Republican front-runner Donald Trump said delegates at the national convention in Cleveland risk being “sitting ducks, utterly helpless against evil-doers and criminals.”
Republican front-runner Donald Trump said delegates at the national convention in Cleveland risk being “sitting ducks, utterly helpless against evil-doers and criminals.”(Ross D. Franklin/Associated Press/File 2016)

NEW YORK — In a television interview Sunday, Republican front-runner Donald Trump said he wanted to take a close look at a proposal to allow delegates to bring guns into the Republican convention in July.

On ABC’s “This Week,’’ Trump declined to take an immediate position on an online petition to allow guns, but he said delegates at the high-security event risk being “sitting ducks, utterly helpless against evil-doers and criminals.”

Trump said he had not yet seen the petition, which is aimed at candidates like himself, and that he would have to review it before commenting, although he noted he was a “very, very strong person for the Second Amendment.”


The petition notes that Ohio is an open-carry state, but that the website for the Quicken Loans Arena, site of the convention, states that the arena forbids “firearms and other weapons of any kind.”

“This is a direct affront to the Second Amendment and puts all attendees at risk,” the petition reads. “As the National Rifle Association has made clear, ‘gun-free zones’ such as the Quicken Loans Arena are ‘the worst and most dangerous of all lies.’’

The petition calls on Republican candidate John Kasich to use executive authority as governor of Ohio to override the gun-free zone at the convention site. It asks the Republican National Committee chairman, Reince Priebus, to offer “an explanation of how a venue so unfriendly to Second Amendment rights was chosen for the Republican Convention.”

Petitioners are also looking for a contingency plan for an alternate location from the RNC should guns not be allowed in the Quicken Loans Arena.

Trump was also asked in the Sunday interview if he would rule out internment camps for US Muslims — an idea he has never proposed, though he has argued for a temporary ban on Muslims entering the country if they are not American citizens.


Trump also traded insults Sunday with Senator Ted Cruz of Texas over recent smears against their wives.

The two candidates showed no desire to tone down or back off their exchange of harsh personal attacks, which have played out over the past week against a backdrop of terrorist attacks in Brussels and President Obama’s trip to Cuba.

Trump categorically denied that he or anyone from his campaign played a role in a National Enquirer report Friday suggesting that Cruz may have had extra-marital affairs. The report by the magazine came after Trump threatened to “spill the beans on” Cruz’s wife, Heidi, a cryptic remark that Trump elevated Sunday into a dark insinuation.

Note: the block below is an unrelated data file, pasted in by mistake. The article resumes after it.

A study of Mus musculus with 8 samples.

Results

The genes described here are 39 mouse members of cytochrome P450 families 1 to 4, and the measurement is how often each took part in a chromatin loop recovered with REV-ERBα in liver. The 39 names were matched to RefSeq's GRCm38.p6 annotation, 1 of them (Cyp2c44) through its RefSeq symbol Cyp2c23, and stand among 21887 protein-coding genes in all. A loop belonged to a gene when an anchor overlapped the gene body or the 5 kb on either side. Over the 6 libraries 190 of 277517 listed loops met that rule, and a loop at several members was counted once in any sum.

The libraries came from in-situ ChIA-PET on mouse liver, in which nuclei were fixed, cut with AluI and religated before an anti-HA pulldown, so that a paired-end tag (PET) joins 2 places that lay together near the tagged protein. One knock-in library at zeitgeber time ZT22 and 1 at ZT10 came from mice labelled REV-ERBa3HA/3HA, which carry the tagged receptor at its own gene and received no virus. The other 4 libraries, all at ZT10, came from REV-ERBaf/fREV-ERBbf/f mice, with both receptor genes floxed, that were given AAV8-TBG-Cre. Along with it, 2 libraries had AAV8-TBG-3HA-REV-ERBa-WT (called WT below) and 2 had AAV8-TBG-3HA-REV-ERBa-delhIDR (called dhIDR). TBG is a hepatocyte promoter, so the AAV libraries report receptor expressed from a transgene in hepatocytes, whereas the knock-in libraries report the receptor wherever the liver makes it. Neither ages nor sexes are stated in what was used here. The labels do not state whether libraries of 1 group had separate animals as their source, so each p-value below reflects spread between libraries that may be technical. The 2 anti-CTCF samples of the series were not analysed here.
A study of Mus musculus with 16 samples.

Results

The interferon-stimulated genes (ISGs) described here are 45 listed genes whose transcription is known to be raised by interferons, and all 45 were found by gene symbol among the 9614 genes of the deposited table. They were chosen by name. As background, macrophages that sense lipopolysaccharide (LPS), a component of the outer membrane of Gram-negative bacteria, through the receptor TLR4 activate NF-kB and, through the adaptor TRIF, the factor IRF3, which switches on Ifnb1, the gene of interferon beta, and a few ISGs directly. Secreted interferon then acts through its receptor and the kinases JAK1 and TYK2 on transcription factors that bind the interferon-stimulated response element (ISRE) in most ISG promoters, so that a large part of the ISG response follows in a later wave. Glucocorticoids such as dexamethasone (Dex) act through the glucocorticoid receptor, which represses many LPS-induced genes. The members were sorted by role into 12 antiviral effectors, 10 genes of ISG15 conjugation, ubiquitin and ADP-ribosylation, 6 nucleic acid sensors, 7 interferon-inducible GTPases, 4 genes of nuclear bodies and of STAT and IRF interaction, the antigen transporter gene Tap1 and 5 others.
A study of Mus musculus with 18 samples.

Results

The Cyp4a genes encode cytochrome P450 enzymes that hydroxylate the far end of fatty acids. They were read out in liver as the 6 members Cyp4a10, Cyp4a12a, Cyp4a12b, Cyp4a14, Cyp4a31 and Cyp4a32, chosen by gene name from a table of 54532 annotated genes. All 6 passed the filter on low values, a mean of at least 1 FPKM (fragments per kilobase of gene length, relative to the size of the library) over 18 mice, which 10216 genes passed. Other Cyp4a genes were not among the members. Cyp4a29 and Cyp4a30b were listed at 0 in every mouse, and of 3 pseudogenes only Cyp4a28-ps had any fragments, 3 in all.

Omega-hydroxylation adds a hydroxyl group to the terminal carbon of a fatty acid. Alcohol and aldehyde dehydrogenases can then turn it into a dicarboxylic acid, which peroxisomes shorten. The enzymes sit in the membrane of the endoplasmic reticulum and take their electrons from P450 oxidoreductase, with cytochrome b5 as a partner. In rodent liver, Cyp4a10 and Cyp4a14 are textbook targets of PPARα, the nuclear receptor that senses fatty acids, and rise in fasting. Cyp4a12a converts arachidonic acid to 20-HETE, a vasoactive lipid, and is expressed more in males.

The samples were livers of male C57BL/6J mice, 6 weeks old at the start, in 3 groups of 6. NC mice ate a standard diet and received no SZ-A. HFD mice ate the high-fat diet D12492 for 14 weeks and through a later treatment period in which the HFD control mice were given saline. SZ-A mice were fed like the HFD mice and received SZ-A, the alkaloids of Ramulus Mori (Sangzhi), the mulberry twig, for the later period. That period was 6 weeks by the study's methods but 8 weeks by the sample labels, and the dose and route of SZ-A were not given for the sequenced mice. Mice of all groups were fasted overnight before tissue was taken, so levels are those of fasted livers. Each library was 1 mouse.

“There are things about Heidi that I don’t want to talk about,” Trump said. “You could look, but I don’t want to talk about them.”

Cruz, appearing on “Fox News Sunday,” repeated his contention that his rival’s fingerprints were on the report because it included a comment from a former Trump political adviser, Roger Stone, and because Trump is friends with the owner of the Enquirer.


On “Fox News Sunday,” Cruz said Trump had a habit of turning to personal attacks “when he gets scared, particularly on foreign policy,” and said he was doing so now because he was “out of his depth” with recent comments like suggesting that the United States pull back from NATO unless other nations pay more of the alliance’s costs.

Trump repeated that view on Sunday and called NATO “obsolete” in the fight against terrorism.

The warfare over spouses represents an attempt by Trump to get under Cruz’s skin, just like he did, effectively, with former rivals like Jeb Bush and Ben Carson.

Trump also continues to use social media like Twitter to focus the race on personality and language rather than policy.

He denied disparaging Heidi Cruz by posting an unflattering photo of her on his Twitter page by noting that it was simply a retweet of another user’s post.

He added that he would not use Twitter “very much as president” compared with his current tendency to send flurries of late-night tweets.

Kasich, who is running far behind his rivals in the race for the party’s nomination, expressed new hesitancy on Sunday to support Trump if he becomes the nominee.


Pushed by moderator Chuck Todd on whether he would back Trump, Kasich said, “I said what I said, Chuck, and I’m done talking about this subject.”